Beyond Schooling — A New Film Project

I wanted to share with you a project I have begun work on. This is an outgrowth of this blog. I feel that it is something that is needed at this point, and I am extremely focused on making it happen. If you would like to be of assistance to this film project, I welcome your ideas, your experience and your voice. Some of my regular readers from other schools will be contacted as I get into more development.

Beyond Schooling — No Grades. No Homework. No Tests.
Documenting a Grassroots Movement in Education.

Brief

Recently, the release of several documentaries on education have ignited a conversation in the media, about how public schooling is not working, and the price our children and society are paying for it. Key among these films are Waiting for Superman, The Lottery and Race To Nowhere, which expose the inadequacies of the whole system of grading, homework and testing, and how these have conspired to create undue pressures are robbing our children of their childhoods.

What these films do not provide are adequate answers to the problems. They ignore the fact that there has been, for several decades, a growing grassroots movement in alternative education. One of these important movements is the Democratic Free School movement, which has accelerated in the last decade as parents seek to overthrow the institutional approach to teaching, and commit to a radical form that encourages learning and incorporates, with great success, a child’s natural curiosity and motivations.

As a founding parent of Brooklyn Free School, which is now in its’ 7th year, I have become deeply involved in this movement. For the past 2 years I have run a blog (https://bzeines.wordpress.com/) that has become a respected commentary on the problems of institutionalized education. My wish to do a film on this subject is an outgrowth of that. It is the expression of a wish to answer the question “What else?”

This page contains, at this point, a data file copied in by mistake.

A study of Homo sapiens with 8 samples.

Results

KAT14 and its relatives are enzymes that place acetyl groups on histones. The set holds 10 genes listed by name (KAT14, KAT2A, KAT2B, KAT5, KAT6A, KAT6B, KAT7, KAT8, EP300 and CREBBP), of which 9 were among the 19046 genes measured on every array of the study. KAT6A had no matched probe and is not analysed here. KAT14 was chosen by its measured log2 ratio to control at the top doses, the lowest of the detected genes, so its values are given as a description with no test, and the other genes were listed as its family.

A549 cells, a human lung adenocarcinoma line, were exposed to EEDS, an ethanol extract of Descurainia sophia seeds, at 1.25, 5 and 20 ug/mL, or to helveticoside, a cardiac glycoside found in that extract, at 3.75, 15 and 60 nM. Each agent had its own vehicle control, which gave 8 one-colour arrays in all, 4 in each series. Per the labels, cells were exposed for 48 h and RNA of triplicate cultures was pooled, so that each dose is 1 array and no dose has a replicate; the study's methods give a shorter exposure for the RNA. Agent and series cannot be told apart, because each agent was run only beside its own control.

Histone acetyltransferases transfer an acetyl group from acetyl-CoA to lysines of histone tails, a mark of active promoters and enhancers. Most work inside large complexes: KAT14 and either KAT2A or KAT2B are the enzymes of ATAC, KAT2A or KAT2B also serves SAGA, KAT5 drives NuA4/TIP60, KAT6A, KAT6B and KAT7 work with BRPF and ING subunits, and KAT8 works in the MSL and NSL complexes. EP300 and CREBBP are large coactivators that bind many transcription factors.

Beyond Schooling will illustrate this, by presenting a positive message that is focused on children as their own solution to their own situation—that in order for our society to create critical thinkers, problem solvers, innovators, and affect positive changes within our society, we need to reevaluate our approach to education. We need to rethink the meaning of the word itself. And this means trusting a different process — one that crosses the lines of race, gender and class.

At this stage, I would like to explore the playing field of the many authors, teachers, parents and children who are part of this growing movement to take back school, as a human responsibility. I want to hear the voices of those who care, and give the audience a view into the process in action.

Initially, we will visit several schools throughout North America. Using film verité, we will get a look into another world where children have learned to love learning. Where children have a say in how their school is run. That through play, teamwork and pursuing individual interests, they gain a larger world view, increased self-esteem and are able to navigate their way to achieving equal, or better levels of academic understanding as their peers in more conventional settings.

The experience I bring to this is 30 plus years as an art director, designer, illustrator, cartoonist, musician and fine artist. Behind everything I do is my love of telling stories. This is not just a story about democratic free schools — it is my story. As someone who went through public school in the 1960’s & 70’s, I can give a first hand introduction as to how I got involved in this movement.

Assisting me at this stage will be Tony Benjamin of Humble Films with whom I have worked with for over 15 years. He has completed the feature length documentary Leap of Faith (about religious conversion to orthodox Judaism), as well as several films, which include commercially sponsored shorts.